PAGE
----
The bar is set to be lowered.
The New Paper understands that plans are underway to turn the football tournament at the South-east Asia (SEA) Games — which currently features only players under the age of 23 — into an Under-21 competition.
But the rules are unlikely to kick in before the next Games in June 2015, which will be hosted by Singapore.
Asean Football Federation (AFF) general secretary Azzudin Ahmad confirmed this in a telephone interview with TNP last night.
He said: “Yes, it is possible that football at the SEA Games will be an U-21 tournament in the future.
“This is something that has been discussed by the AFF council.
“But it is not a certainty yet... we will continue to explore the idea.”
Football at the biennial SEA Games has been an U-23 tournament since 2001.
Before that, it was contested by the senior national teams since the Games’ inception as the South-east Asian Peninsular (SEAP) Games in 1959.
The region’s football administrators were believed to have discussed the possible format change during an AFF council meeting in Naypyidaw, Myanmar last month.
It is understood football development is the main reason for the imminent shift.
The AFF is hoping the change will help Asean countries perform better at the continental and international level in Asian and Olympic Games qualifiers, which are U-23 competitions.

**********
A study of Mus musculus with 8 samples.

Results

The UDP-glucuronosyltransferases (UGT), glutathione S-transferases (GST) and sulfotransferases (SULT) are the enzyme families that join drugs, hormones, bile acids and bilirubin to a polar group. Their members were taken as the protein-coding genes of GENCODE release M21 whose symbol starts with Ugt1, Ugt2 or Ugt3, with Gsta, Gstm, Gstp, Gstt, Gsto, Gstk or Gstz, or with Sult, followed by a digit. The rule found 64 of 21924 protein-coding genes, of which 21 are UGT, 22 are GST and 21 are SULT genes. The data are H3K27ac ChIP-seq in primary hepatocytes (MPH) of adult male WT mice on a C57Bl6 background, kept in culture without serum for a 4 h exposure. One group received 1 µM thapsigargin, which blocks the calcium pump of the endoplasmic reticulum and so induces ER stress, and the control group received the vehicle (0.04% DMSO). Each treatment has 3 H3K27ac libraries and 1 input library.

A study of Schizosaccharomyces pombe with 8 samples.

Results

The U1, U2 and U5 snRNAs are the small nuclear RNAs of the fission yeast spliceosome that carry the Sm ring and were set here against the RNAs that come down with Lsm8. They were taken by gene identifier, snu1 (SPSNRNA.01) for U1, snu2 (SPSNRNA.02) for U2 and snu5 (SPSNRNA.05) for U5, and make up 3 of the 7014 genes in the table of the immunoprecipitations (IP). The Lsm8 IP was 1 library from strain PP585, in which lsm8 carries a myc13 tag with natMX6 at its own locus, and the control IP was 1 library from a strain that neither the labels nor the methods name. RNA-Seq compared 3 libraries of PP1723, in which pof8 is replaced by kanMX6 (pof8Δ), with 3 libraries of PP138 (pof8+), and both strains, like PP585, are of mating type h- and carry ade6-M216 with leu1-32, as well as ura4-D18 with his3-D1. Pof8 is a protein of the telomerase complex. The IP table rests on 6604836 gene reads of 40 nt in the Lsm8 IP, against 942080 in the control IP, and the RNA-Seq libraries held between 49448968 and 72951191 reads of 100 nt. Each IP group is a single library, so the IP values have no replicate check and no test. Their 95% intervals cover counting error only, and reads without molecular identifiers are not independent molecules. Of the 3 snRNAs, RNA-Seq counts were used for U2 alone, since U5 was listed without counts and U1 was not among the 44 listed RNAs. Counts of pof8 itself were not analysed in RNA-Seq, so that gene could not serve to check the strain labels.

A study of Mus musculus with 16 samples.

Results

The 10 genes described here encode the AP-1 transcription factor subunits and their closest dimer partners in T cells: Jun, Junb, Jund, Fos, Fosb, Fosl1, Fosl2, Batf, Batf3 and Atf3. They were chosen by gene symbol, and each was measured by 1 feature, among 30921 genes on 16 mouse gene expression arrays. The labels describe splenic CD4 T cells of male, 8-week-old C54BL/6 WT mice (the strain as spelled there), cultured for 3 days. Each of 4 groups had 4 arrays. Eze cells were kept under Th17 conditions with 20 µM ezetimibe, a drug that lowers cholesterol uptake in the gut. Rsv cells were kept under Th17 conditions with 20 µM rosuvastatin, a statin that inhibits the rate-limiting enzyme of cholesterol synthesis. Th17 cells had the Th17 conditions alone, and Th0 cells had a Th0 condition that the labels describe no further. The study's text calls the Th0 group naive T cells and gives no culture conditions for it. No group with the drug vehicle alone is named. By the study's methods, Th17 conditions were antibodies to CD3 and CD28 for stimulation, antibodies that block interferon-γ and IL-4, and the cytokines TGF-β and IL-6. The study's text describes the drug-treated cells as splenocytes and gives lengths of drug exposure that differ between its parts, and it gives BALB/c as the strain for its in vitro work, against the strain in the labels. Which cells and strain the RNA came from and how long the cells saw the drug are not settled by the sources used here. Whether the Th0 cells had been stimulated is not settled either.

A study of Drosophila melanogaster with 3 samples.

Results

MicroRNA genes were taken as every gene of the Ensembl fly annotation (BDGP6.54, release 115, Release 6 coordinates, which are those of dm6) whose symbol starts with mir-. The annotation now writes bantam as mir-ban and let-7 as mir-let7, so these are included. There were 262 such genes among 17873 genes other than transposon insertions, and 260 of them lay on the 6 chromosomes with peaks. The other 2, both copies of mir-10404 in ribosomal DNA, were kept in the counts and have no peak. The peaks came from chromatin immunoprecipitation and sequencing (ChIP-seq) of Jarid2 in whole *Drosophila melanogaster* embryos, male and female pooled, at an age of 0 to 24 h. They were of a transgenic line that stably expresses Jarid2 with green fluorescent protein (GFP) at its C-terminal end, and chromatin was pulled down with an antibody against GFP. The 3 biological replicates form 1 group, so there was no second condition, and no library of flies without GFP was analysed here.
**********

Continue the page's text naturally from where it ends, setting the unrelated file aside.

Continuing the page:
For example, almost half of Singapore’s strongest 11 at last month’s SEA Games — goalkeeper Izwan Mahbud, defenders Faritz Hameed and Afiq Yunos, midfielder Hariss Harun and winger Gabriel Quak — are ineligible for this September’s Asian Games in South Korea as they are overaged.
It is hoped that exposure for younger players at SEA Games tournaments will stand them in good stead for bigger challenges.
In addition, the AFF hopes the change could also help some countries prepare better for the Games.
Malaysia U-23 coach Ong Kim Swee, for example, had to make do without five players — all aged 22 or 23 — at the World University Games last July as their clubs did not want to release key players for a non-Fifa-sanctioned tournament.
The AFF believes it would be easier for national sides to secure releases for players under 21, who might not have established themselves at their club sides yet.
Singapore Under-23 coach Aide Iskandar, who led his charges to a bronze medal last month, has mixed feelings about the proposed change.
PROS AND CONS
“There are pros and cons,” he said.
“On one hand, it’s definitely good for development that we are giving exposure to younger players, like they do in Europe with the Euro Under-21 tournament.
“But, for us (Singapore) the big challenge will be National Service (NS) again because those who are serving are usually around that age.
“If the change really does happen, I hope that things can be tweaked for our boys serving NS so they can train regularly, because they’ll definitely need it.”